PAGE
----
You Own Your Employees’ Problems, Right?

Big Red Car here.  I’ve been listening to The Boss complain how damn cold it is in NYC.  [He’s such a hot house Texan, no?  Haha, Boss, that was your choice to go hang out in a blizzard, no?]

Going to be 72F today and sunny in the ATX, Boss.  [Hahaha, this one’s on you, Boss.]

So The Boss is constantly working with his brilliant CEOs and they are constantly talking about their team members and their problems.

Problems, really, Big Red Car?

Yes, Old Sport, part of being a successful CEO is being able to identify employee problems which impact the team and which will be brought daily to the workplace.  Regardless of who “owns” these problems, they show up for duty right next to your beloved and valued employees.

The energy to solve these problems is a net loss to the energy available for your beloved team members to do their work.

Who really owns these problems?

So, you ask me, the Big Red Car:

“WTF, Big Red Car, who owns these problems?”

The bad news, Old Sport, is:

“YOU own these problems, CEO.  YOU own these problems.”

Yes, not what a brilliant CEO really wants to hear but the truth nonetheless.  No, of course, you don’t “own” them in the sense that you caused them, think of it like co-ownership in that you own the distraction and you must ante up the energy to solve or endure them.

Do not ignore this reality.

What about those “delicate” problems, Big Red Car?

Yes, Old Sport, you own those delicate problems — marriage, spouse not enthusiastic about relocation, child care, excess travel, bereavement — even when the prudent HR or legal counsel would caution distance.

This is not a call to action to pry into things but rather that when these matters present themselves to not be a Pollyanna and suggest they are not going to have an impact on the performance of your key team members.

If the guy playing shortstop is having marital problems then he is not able to focus exclusively on those hot, hard grounders coming his way at short.  You can identify completely with that outcome, no?

So what can you do?

Avoid, identify, evaluate, plan, act and solve.

1.  Avoid such problems in the hiring process.  It does seem that the more senior a hire, the greater probability of a problem coming with the hire.  No big revelation there.

Do a better job in your hiring process to test and probe for these problems.

Your senior folks — the first wave of hires after the founders — are likely to be two career families, location sensitive thereby compounding re-location implications, kids in tow.  This is particularly true when you are hiring the first top management beyond the founders.  You are hiring folks who simply may not have the passion for the company and therefore not able to balance passion with degree of difficulty.  Not everyone is an entrepreneur and being compensated in entrepreneurial satisfaction or currency.  Not everyone has a Field Marshal’s baton in their rucksack.

Pro tip:  In two career family hires, always know what is supposed to happen with the other party’s career aspirations.  Relocating from the “other” coast, know the cultural implications.  Where does Grandma live?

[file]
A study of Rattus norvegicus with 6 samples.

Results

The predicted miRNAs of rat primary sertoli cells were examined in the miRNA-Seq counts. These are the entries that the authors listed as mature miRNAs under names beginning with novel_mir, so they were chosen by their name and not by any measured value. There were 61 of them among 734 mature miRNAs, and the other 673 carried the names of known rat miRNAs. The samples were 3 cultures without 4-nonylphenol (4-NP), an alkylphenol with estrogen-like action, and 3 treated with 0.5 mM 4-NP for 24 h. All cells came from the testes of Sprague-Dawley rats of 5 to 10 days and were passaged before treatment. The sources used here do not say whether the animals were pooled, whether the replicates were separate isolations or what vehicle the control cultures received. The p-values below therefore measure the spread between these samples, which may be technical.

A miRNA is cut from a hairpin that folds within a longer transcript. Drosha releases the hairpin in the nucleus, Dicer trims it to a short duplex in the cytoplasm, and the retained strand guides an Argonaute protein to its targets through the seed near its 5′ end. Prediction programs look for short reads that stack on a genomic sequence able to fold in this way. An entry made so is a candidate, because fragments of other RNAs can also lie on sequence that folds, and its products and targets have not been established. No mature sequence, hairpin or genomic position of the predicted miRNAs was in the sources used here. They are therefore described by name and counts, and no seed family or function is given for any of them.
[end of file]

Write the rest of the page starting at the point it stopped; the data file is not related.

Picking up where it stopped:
2.  Identify the problems as they occur and are still lizards and not dragons.  Do not let the problem grow.  Kill it in the cradle.

3.  Evaluate all possibilities and staff them completely.  Do this quickly.  No problems solve themselves at this stage.

Mom vexed because Dad is traveling a lot and she gets stuck with the kids — pick up some child care and babysitting expenses to take the pressure off Mom.  Be creative.

4.  Make a plan and get everybody on board with the approved solution.  If Mom is the voice of the problem, get Mom’s buy in quickly.  Be pragmatic.

Coax it out of your folks even if it is your idea.  Bad news:  you will become good at this because the problems will just keep on growing as you and your company scale.

5.  Act on the plan immediately and do not begrudge spending some money on it.  You are already incurring a bit of cost.  This may all just be an accounting issue at the end of the day.

6.  Do not “fire and forget”.  Make damn sure the solution actually works.  Circle back and make sure the solution worked and continues to work.

So there you have it, Old Sport.   The problem is NOT going to solve itself.  But, hey, you knew that, right?

What is the downside, Big Red Car?

The downside?  The downside?

The downside is not good:

1.  Failed new hires;

2.  Lack of productivity which infects others on the team;

3.  Undue loss of team energy including the CEO;

4.  Discontinuity on the team as relative contributions change;

5.  Loss of specific key team members — job turnover; and,

6.  Garden variety distraction.  Alignment of efforts is critical to success and it makes no difference from whence the misalignment comes, it just exacts a price.

Here is the last point:  sometimes you will have to fire someone who cannot solve their problems.  That is the tough call for the brilliant CEO but it happens.  If that is the solution — speed is your best friend.

But, hey, what the Hell do I really know anyway?  I’m just a Big Red Car but at least I’m not stuck in a blizzard in NYC.  Haha.